GREENSBORO, North Carolina (AP) ― John Huh refused to let tough conditions ― and one terrible hole ― get him down. He was rewarded with a share of the lead at the Wyndham Championship.
The PGA Tour’s reigning rookie of the year shot an even-par 70 on Saturday and joined Patrick Reed atop the field after a soggy third round. Huh and Reed, the second-round leader who shot a 71, were at 10-under 200.
Huh shook off a triple bogey on his second hole, making up for it with three birdies in a four-hole stretch of the back nine.
|John Huh hits out of a bunker during the third round of the Wyndham Championship. (AP-Yonhap News)|
“Since the rain picked it up this morning, it wasn’t easy for us to play out there, but I told myself, ‘Be patient, stay dry and keep grinding out there,’” Huh said.
Zach Johnson had the day’s best round ― a 66 ― and was one stroke back along with Bob Estes and John Deere winner Jordan Spieth. Estes shot 68, and Spieth had a 70.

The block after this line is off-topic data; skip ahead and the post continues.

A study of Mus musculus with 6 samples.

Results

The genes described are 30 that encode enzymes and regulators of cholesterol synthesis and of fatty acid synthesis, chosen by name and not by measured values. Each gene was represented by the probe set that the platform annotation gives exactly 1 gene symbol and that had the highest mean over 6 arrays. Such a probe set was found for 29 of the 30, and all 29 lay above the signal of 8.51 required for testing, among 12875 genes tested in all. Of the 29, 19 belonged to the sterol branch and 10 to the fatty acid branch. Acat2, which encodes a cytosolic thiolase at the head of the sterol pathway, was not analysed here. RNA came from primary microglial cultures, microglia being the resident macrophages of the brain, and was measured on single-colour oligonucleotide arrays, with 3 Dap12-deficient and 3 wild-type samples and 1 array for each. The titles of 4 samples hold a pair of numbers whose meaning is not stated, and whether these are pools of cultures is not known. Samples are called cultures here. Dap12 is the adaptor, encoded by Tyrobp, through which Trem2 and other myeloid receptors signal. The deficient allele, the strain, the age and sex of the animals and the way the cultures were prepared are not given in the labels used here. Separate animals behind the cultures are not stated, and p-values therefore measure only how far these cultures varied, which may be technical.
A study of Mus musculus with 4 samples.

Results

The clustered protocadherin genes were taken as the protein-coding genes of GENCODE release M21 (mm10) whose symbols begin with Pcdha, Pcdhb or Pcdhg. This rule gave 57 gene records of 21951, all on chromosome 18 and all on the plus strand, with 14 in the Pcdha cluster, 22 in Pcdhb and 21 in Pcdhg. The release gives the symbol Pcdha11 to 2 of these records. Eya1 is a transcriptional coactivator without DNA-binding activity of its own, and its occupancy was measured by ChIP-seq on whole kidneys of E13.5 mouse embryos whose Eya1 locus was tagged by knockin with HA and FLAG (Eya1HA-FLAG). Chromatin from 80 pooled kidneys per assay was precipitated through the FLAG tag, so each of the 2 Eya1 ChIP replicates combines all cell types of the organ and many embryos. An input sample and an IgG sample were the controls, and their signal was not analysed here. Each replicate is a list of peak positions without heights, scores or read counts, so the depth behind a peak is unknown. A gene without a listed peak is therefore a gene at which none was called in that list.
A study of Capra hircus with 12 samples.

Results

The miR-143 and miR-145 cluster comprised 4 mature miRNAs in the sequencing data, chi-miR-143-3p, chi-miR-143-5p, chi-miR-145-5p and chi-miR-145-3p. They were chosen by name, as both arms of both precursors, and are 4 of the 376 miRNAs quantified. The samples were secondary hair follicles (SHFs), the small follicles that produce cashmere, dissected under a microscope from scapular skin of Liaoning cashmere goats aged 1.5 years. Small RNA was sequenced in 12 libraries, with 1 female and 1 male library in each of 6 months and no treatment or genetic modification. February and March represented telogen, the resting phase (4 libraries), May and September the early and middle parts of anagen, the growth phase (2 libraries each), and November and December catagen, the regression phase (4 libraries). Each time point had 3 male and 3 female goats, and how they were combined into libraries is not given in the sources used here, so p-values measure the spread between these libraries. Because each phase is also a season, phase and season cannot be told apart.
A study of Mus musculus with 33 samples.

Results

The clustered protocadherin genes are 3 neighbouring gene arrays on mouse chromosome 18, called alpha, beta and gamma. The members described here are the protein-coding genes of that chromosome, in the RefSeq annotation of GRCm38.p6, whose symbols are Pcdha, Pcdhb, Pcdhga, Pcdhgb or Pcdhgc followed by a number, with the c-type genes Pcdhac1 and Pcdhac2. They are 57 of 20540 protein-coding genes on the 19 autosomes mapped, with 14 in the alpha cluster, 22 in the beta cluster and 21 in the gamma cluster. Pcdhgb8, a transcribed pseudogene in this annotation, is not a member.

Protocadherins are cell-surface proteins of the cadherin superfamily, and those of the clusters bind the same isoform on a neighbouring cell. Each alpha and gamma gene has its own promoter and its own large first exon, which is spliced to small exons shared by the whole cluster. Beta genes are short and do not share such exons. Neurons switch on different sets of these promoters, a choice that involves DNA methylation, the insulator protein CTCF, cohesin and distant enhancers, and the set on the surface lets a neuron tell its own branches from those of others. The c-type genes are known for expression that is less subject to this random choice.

Eight players were within two shots of the lead.
“It’s a Monday qualifier,” Reed said. “I had a lot of success at Monday qualifiers, and that’s basically what it is. I let everybody back in the field and to now, all of a sudden to have it as bunched as it is, it’s going to be whoever can make as many birdies as possible tomorrow and shoot a low number.” Europe hangs onto Solheim lead
PARKER, Colorado (AP) ― Instead of seeing their lead disappear at the Solheim Cup, the Europeans saw it only cut in half.
They owed their slender advantage to a hole-in-one by Anna Nordqvist and a half-point from out of nowhere.
Nordqvist crashed a 7-iron on the 175-yard 17th into the pin, then the hole, to give Europe its only win in Saturday morning’s alternate-shot matches. It was the highlight of a topsy-turvy stretch of golf on the back nine that ended with Europe holding a 6 1/2-5 1/2 lead over the United States.
“It was just an unbelievable shot,” Nordqvist said after she and Caroline Hedwall beat Jessica Korda and Morgan Pressel 2 and 1. “It was the right shot at the right time.”
Pressel, who watched her dreams of a U.S. Open title disappear in 2005 when Birdie Kim holed out from a greenside bunker up the road at Cherry Hills, saw another one slip away cruelly in Colorado.
“Are you kidding me?” she said on the tee box as she watched the shot go in.
The Americans were feeling the same way in the day’s third match after letting a half-point get away.